Published 16 October 2013

Millions of motorists are left in a state of confusion when it comes to choosing the correct oil for their car’s engine.

According to research from Mobil 1 and the Institute of Advanced Motorists, two thirds of drivers are unaware as to what grade of oil is recommended by their vehicle’s manufacturer, leaving them vulnerable to engine damage and mechanical faults.

The research found that 96 per cent of motorists say they don’t care which oil is used in their car, while 65 per cent of respondents said they wouldn’t know which oil viscosity grade was recommended by their vehicle’s manufacturer anyway. An even larger percentage (69 per cent) were ignorant as to which brand is recommended by their car’s maker.

Tim Shallcross, head of technical policy at the IAM, said: “The wrong grade or specification can increase engine wear dramatically, risking expensive breakdowns as well as affecting the car’s value. Responsible owners must take an active role in their vehicle’s health.”

According to the IAM, choosing the right engine oil for your vehicle is vital in terms understanding levels of protection on offer. Conventional oil is simply refined crude oil, while synthetic oil, is not only refined, but it is also distilled and purified. This helps to provide better protection against wear, high heat, cold weather and sludge build-up.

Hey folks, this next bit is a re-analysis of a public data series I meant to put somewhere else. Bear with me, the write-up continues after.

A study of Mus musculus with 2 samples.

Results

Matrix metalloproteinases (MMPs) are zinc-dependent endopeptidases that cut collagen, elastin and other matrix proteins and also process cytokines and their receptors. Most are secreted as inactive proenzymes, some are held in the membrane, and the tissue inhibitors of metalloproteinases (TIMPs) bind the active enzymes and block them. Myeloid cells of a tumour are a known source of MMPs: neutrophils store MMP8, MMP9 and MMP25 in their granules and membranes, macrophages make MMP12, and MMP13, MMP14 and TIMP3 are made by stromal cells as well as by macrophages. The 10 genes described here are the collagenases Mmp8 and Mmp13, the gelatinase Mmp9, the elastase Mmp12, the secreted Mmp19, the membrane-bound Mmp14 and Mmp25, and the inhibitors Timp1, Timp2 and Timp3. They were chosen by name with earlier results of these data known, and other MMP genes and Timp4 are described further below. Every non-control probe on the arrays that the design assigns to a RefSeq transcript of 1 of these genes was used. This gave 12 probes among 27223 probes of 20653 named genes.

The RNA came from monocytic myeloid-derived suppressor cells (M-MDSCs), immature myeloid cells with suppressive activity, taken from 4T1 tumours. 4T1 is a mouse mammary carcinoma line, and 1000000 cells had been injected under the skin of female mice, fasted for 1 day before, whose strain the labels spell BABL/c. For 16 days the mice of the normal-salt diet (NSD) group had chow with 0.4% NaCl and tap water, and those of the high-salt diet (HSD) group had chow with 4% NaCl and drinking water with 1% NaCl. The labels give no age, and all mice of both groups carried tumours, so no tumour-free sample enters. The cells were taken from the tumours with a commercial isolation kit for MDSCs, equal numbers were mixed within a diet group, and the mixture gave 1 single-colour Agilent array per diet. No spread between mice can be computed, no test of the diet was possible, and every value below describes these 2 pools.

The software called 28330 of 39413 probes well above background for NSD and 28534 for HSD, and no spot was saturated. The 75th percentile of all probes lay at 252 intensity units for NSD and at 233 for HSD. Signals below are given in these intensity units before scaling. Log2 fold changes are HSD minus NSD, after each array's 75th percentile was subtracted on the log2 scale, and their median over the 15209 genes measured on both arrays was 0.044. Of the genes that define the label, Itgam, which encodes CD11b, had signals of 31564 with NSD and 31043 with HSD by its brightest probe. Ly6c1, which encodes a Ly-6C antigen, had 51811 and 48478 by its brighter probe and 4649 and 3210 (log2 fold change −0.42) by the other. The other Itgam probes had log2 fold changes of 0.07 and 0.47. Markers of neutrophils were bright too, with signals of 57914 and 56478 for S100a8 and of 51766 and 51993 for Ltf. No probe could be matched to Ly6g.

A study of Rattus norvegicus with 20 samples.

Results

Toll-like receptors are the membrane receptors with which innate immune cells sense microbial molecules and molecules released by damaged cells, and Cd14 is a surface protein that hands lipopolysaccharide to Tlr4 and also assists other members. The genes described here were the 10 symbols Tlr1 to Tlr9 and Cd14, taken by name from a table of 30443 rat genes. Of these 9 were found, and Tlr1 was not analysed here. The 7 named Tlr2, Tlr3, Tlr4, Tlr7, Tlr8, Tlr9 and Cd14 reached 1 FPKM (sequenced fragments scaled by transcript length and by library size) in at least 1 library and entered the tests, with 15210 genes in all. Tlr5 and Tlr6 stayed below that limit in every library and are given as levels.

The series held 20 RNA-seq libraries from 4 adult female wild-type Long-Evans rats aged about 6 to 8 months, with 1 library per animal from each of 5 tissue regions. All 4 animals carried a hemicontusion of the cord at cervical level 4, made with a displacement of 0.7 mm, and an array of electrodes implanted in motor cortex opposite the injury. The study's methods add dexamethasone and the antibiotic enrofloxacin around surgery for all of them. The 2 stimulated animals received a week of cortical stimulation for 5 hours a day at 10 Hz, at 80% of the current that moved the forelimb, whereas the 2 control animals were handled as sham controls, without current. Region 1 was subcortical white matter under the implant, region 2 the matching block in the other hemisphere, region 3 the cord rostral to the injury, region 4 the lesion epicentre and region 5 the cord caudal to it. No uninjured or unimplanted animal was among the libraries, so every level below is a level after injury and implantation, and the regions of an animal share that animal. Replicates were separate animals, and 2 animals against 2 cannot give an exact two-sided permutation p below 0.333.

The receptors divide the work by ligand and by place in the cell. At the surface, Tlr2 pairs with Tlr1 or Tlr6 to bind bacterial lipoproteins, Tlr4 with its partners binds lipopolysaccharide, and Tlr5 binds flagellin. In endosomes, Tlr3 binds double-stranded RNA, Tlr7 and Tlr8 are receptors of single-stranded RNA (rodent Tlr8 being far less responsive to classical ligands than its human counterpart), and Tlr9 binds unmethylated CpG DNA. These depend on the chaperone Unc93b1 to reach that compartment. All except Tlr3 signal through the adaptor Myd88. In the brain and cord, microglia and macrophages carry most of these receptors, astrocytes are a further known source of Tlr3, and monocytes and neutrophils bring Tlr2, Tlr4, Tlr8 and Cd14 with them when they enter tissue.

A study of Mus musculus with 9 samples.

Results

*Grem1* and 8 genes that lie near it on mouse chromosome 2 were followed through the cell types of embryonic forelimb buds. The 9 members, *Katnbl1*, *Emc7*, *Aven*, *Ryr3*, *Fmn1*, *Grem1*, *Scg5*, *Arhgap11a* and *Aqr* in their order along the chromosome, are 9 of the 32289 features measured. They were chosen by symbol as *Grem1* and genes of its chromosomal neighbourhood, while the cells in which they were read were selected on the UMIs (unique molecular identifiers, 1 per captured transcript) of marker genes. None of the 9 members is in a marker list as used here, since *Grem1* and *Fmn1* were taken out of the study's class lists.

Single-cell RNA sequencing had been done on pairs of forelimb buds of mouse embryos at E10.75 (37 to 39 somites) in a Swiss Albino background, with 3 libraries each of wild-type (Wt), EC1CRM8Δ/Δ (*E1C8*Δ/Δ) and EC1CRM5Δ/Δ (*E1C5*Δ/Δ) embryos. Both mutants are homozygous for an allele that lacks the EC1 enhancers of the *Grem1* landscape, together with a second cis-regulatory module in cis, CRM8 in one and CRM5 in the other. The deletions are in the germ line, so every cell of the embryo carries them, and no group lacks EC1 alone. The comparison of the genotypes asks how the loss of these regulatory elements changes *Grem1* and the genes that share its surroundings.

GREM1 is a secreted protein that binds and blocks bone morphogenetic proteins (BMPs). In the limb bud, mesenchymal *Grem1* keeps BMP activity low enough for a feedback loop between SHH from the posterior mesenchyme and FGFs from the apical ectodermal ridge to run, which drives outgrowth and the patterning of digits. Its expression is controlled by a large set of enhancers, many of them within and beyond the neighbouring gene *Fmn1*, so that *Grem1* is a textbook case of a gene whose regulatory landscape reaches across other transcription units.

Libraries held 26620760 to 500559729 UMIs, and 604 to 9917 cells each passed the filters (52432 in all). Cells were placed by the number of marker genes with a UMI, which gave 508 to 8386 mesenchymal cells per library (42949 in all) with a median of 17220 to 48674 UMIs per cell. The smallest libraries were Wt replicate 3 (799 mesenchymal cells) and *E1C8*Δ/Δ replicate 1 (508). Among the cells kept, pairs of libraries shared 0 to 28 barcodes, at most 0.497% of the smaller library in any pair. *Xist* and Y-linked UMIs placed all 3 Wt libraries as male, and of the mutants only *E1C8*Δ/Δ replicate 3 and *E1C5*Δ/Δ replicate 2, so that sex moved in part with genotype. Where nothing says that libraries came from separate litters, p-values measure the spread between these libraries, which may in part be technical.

"You don’t need any expert automotive knowledge to get involved with deciding what engine oil should be used,” commented Mobil 1’s Dan McGoldrick.

“Do a little research, talk to your mechanic and express a preference. Alternatively, motorists can find their car’s correct grade of oil by using the oil selector tool on our website.”


jaksax    on 21 October 2013

I remember the days when a gallon of GTX cost 8 I'm asked to pay £46 for four mingey litres of some exotic synthetic. I suspect a lot of owners just settle for the cheapest oil they can get

Mi16    on 22 October 2013

Generic grade is important, rather than specific brand since marketing comes into play - check the handbook. My son and his colleagues, who are all professional mechanics, halve the recommended oil change intervals on their own cars. Blown turbos are often accompanied by gunged up oil supply feeds to the turbos on diesels on long service interval engines. I prefer to have an interim oil change and am left uncomfortable with bi-annual oil changes. I understand the publicity blurb put out by manufacturers, but had a 530d serviced to manufacturers specifications by BMW that blew its turbo under warranty.